Knepley vs. Orton Technique

After making way over 100,000 image captures

You may think you’ve tried every technique trick

And – then you discover you were wrong (again)

It’s even better when the result exceeds what you imagined

When you first asked yourself “what if?”


Ethereal Beauty

Looks like a Orton image overlay, but it’s not

It’s single exposure 100% in-camera capture

No gimmicks; just photographer & camera

Introducing – “The Knepley Technique”

😉 Naming it after yourself? Really. Why not? 😉

2-3-2013 4-36-30 PM

105 mm 1:1 macro, 1.4 X teleconverter, circular polarizer, tripod


Instead of just writing about them

Q. – Ask yourself –

How was this image made?.

It was done entirely in camera

100% natural light

It is a single exposure.

It may resemble a Orton overlay but it’s not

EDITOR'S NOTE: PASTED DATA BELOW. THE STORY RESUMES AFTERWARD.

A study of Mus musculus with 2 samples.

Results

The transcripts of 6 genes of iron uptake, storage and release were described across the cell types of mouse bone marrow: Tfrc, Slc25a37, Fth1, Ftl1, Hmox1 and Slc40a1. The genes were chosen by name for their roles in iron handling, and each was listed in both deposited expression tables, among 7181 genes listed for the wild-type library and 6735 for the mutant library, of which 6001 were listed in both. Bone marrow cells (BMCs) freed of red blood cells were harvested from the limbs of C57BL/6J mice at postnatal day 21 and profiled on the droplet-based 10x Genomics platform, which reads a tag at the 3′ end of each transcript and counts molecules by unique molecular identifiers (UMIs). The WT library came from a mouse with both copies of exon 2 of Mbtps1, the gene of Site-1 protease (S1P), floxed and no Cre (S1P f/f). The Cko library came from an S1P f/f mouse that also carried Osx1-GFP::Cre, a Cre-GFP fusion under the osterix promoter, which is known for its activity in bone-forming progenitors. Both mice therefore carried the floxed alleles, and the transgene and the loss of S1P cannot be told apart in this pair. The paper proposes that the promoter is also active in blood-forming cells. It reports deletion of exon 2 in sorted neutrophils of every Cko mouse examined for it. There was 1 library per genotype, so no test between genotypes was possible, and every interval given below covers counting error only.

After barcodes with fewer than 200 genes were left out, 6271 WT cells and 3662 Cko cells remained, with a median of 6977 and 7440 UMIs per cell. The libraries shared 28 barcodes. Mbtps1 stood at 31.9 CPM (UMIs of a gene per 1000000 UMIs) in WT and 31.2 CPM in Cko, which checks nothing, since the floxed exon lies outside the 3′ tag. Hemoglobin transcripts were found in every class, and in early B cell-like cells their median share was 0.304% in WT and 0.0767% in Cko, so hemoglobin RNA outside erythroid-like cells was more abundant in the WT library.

Orton requires two exposures

and subsequent work combining them

Whether film or digital

My technique is complete

once the shutter closes

There is nothing between the lens & orchid

nor is there anything behind the orchid

(except a black backdrop)

SO – where does the softness & glow come from?? 



If you like that sort of thing

Viewers often do

Judges usually don’t

The Orton Technique

Two overlaid images (done in camera below)

D800E_130203_085825__DSC4411 acr cepA “shoot-through”

D800E_130203_101850__DSC4425 acr cep


A. Yesterday after finishing with this orchid for the day

I asked myself – What if

I took a long exposure (13 sec. in today’s example)

And during that exposure

I varied the focal point over a wide range?

In today’s example

1. The flower was in sharp focus when the shutter was released

2. I counted to 3 to let the starting image register “sharply” and

3. Then changed the focus from sharp to as far out of focus as the lens’ focus ring would turn

(done slowly over the remaining exposure time and moving out of focus in the direction that causes the image to “bloom”, i.e. get larger)

What you see above is what I got. It’s also what I expected to get – but better.

I’ll be experimenting further with the “Knepley Technique”

It’s certain to become part of my technique repertoire

Give it a try & let me know what you think.